35th Bienal de São Paulo
6 Set to 10 Dec 2023
Free Admission
35th Bienal de
São Paulo
6 Set to 10 Dec
Stella do Patrocínio in freedom before her forced hospitalization.
Do Patrocínio's nephew's personal archive, granted to researcher Anna Carolina Vicentini Zacharias

Stella do Patrocínio

Since little is known about Stella do Patrocínio, the words we use to talk about her, ever elusive, must be fabulated from the choreographies of the impossible. This is also how falatório [chatter], her body-vocalic practice of the word, requires us to connect with it – closing our eyes to hear the collapse of boundaries.

In every minute that passes in the 1 hour, 39 minutes, and 15 seconds of these recordings, Patrocínio operates a new fold in time, making those horizontal lines curve – from those drawn by the psychiatric asylum to those of literature – that stole her body, that wanted to steal her word. This scramble, until recently echoed by degenerative disorders, eugenics, the fetish of madness, poetry!, is now shattered by a chatter that recasts the very arena of guerrilla warfare. And she affirms: in spite of Eco, these are my terms.

Echo, the nymph forced
to repeat the words of
others. Or even Echo –
the white consensus
Exu, movement,
life force – makes time and
message circulate.

In the conclave between Echo and Exu, the score is not settled, nor is the debt; but time spirals: crossed by forces of asphyxiation – the police, literature, domestic labor, electroshock therapy –, Stella do Patrocínio opens her Exurian chatter to the creation of escape routes and to retaliation, to aesthetic fabulation in the space of enclosure. And it is in this opacity that the chatter dances – not only poetry, nor testimony, nor any other classifications that, by themselves, are not enough:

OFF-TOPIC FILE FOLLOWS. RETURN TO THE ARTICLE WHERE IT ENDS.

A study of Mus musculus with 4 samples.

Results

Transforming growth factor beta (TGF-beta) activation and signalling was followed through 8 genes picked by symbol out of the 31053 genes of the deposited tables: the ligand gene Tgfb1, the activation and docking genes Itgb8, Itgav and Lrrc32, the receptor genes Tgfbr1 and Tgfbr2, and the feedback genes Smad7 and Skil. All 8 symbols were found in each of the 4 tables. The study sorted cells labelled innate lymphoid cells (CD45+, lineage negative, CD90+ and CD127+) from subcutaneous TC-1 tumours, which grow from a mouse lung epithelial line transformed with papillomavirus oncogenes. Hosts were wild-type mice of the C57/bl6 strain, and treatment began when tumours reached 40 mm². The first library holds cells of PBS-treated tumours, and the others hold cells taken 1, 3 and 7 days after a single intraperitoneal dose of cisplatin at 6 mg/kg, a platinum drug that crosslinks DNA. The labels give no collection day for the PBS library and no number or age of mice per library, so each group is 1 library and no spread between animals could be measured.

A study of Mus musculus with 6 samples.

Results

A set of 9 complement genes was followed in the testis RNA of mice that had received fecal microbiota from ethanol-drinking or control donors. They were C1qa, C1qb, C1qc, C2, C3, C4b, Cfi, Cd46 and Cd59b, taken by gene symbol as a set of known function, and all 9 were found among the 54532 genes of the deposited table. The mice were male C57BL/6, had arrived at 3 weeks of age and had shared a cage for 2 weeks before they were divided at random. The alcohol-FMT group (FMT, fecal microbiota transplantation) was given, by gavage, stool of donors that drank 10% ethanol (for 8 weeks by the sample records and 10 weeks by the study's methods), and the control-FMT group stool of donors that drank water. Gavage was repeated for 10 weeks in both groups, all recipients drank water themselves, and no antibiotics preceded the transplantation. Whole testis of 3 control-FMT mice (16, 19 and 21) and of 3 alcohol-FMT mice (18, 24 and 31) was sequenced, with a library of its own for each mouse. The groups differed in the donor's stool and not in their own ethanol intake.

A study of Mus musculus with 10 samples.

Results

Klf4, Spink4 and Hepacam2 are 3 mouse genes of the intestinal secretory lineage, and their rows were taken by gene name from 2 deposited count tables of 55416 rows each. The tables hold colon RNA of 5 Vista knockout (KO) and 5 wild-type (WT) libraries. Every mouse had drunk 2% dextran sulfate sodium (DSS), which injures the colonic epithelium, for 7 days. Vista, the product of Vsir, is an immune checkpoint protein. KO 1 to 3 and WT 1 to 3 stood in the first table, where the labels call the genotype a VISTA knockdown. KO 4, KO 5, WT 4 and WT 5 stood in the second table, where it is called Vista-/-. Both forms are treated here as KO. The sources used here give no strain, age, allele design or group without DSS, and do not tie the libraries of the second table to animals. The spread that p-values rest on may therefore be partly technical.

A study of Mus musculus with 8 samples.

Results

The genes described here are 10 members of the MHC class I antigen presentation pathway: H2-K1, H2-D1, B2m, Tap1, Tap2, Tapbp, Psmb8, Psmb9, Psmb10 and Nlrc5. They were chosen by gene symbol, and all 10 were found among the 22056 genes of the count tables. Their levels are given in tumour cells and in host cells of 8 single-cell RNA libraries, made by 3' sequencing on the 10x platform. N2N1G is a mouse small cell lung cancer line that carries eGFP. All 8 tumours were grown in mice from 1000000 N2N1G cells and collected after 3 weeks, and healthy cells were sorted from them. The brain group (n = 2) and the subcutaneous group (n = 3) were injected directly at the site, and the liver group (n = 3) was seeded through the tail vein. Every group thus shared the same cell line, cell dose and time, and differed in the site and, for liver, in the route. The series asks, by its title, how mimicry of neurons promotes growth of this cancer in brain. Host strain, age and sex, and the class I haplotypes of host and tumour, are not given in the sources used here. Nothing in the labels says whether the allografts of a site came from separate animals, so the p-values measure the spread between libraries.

If I tear that heavy one in half,
from half to half, slam
slam slam her on the floor, on the
wall, throw her out, in the mid-
dle of the bush, or on the other
side of the wall, it’s a malicious
little pleasure […] Kill the
whole [scientist’s] family. Let
them make a cart, dump them
all dead and go far away.²

Stella claims to be from the time of captivity, because she understands the fantasy-machinery that lies behind the incarcerations of Black bodies since her great-grandmother’s time. She says aloud: Clarice, Celeste, Meritempe, Luzadia, Adelaide – names we may never know much about beyond the affection with which she utters them.

In a language that wanders in a rhythmic pretuguês,³ syncopating the repetition of differences, Stella dislodges previous notions of what time, space, home, family, science, the body and its study are – and proceeds as far as possible. Her vocals contain vertebrae, and she constructs worlds of language to cast an exu-chatter that tears through time and kills, today, the echoes of yesterday.

sara ramos
translated from Portuguese by philip somervell

Stella do Patrocínio (Rio de Janeiro, Brazil, 1941 – 1992), a poet, gained recognition only after her death, following over thirty years of confinement at the Colônia Juliano Moreira in Rio de Janeiro. Her posthumous fame came with the publication of the book Reino dos bichos e dos animais é o meu nome, edited by the poet and philosopher Viviane Mosé. The book was assembled using recordings of Patrocínio’s spoken words captured by visual artist Carla Guagliardi in the late 1980s, along with transcriptions of other conversations by psychologist Mônica Ribeiro de Souza.

1. A reference to Grada Kilomba, Ilusões vol. I – Narciso e Eco. In Grada Kilomba: Desobediências poéticas. Exhibition catalog. São Paulo: Pinacoteca de São Paulo, 2019.
2. CD2_01. Third part of testimonies/interviews/talks. 6’53”. In: Sara Martins Ramos, Stella do Patrocínio: entre a letra e a negra garganta de carne, 2022. Master’s Dissertation – 2022. Available at: dspace.unila.edu.br/handle/123456789/6465. Accessed on: Jun 2, 2023.
3. A pun between the words “Black” and “Portuguese”. Reference to Lélia González, “Racismo e sexismo na cultura brasileira”. Revista Ciências Sociais Hoje, Anpocs, pp. 223-44, 1984.